Tuberculosis is making a comeback

A new report by the World Health Organization (WHO) shows how a preventable, curable disease has become the world’s biggest communicable killer. (1) Tuberculosis (TB) now surpasses HIV/AIDS in the number of lives it claims.


The obvious question is “How can we let this happen?” TB is an airborne infectious disease, and if untreated, one person with TB can infect 10 to 15 others in the space of a year. The existing vaccine is largely ineffective, and there is no simple test for TB. And as with other diseases, drug resistant strains that are very difficult to treat have emerged. According to the report, 9.6 million people are estimated to have contracted TB in 2014 worldwide. Globally, 12% of the 9.6 million new TB cases in 2014 were HIV-positive. (1)


There are strategies laid out to curb the rise of cases and deaths from TB, based on pillars. (2) The first addresses integrated, patient-centered care and prevention. The second pillar has components to address bold policies and supportive systems, including powerful participation across government, communities and private stakeholders. The third pillar calls for intensified research and innovation in order to disrupt the path of the epidemic and reach the global targets. These goals require broad-based collaborations and measurement of outcomes.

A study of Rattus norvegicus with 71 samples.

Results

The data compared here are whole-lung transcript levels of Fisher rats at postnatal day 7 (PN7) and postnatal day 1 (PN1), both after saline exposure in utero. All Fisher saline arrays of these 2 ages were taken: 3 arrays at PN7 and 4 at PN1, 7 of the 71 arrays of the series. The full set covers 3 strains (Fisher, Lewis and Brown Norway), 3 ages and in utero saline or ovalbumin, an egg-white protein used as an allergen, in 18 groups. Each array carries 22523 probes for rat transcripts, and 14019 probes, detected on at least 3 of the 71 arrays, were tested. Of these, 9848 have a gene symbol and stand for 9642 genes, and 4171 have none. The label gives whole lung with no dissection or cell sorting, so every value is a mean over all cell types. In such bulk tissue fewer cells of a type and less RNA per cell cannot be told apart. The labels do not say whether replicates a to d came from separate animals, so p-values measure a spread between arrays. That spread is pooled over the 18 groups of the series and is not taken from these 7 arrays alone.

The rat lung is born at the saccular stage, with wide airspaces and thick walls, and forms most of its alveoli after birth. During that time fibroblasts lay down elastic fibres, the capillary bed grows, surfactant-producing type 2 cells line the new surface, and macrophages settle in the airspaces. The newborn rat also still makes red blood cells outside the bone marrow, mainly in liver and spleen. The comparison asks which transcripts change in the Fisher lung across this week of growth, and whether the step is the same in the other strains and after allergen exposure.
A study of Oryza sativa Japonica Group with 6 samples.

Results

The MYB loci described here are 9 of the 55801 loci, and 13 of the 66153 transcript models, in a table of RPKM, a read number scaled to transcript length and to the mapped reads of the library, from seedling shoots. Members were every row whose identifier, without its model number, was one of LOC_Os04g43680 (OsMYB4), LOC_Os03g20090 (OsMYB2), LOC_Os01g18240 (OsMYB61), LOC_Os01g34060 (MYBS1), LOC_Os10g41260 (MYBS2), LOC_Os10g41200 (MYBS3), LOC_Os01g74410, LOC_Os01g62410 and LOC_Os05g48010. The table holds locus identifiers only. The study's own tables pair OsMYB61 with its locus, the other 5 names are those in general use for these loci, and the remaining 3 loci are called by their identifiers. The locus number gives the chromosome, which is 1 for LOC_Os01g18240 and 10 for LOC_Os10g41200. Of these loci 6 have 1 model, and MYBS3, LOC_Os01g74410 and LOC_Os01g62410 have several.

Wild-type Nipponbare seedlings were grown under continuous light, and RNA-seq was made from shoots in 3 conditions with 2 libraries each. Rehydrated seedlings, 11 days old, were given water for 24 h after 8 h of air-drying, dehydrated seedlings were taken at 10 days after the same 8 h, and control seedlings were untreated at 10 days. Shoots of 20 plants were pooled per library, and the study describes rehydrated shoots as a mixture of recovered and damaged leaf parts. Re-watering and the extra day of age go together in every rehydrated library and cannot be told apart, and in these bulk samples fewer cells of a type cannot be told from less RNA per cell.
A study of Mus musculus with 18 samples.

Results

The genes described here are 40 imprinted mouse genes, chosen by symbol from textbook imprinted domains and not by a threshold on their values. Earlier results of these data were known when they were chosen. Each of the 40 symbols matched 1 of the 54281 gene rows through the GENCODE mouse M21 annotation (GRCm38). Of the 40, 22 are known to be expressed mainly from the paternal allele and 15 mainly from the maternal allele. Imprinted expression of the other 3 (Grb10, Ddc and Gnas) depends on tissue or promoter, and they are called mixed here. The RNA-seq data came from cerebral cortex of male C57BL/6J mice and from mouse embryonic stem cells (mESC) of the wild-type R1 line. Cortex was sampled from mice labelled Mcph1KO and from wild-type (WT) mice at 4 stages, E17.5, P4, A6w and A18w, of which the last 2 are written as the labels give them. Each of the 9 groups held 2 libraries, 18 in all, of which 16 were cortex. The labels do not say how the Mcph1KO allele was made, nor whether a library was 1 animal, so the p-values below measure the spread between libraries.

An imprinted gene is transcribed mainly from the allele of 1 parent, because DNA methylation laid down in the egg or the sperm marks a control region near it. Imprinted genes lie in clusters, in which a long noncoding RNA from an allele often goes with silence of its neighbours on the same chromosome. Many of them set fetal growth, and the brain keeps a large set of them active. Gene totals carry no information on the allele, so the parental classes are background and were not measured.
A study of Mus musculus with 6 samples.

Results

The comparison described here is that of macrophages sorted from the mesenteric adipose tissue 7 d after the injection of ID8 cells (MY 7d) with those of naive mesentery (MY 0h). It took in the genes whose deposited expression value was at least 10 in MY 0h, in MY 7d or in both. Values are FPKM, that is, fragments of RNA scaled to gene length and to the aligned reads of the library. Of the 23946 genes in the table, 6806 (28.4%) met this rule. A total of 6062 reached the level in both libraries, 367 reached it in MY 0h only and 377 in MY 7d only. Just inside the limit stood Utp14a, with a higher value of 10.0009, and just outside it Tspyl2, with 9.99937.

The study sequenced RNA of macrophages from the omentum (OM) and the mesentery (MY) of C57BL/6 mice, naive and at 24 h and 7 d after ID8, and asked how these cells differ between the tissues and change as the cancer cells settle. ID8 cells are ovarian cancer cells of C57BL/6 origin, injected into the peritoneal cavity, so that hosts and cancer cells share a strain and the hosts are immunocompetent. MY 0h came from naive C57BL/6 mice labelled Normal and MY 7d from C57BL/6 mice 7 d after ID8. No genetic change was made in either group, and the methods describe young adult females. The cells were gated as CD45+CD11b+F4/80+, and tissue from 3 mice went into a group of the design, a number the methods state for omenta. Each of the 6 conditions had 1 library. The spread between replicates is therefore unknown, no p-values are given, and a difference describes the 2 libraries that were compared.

This article originally appeared in RDH eVillage Focus, a newsletter prepared for dental professionals looking for hard-hitting, current information. You can subscribe here.

References
1. WHO. Global Tuberculosis Report 2015. 20th edition. WHO website. http://www.who.int/tb/publications/global_report/en/. Accessed December 2, 2015.
2 WHO. The End TB Strategy. WHO website. http://www.who.int/tb/End_TB_brochure.pdf?ua=1. Published 2015. Accessed December 2, 2015.


Maria Perno Goldie, RDH, MS, is the editorial director of RDH eVillage Focus.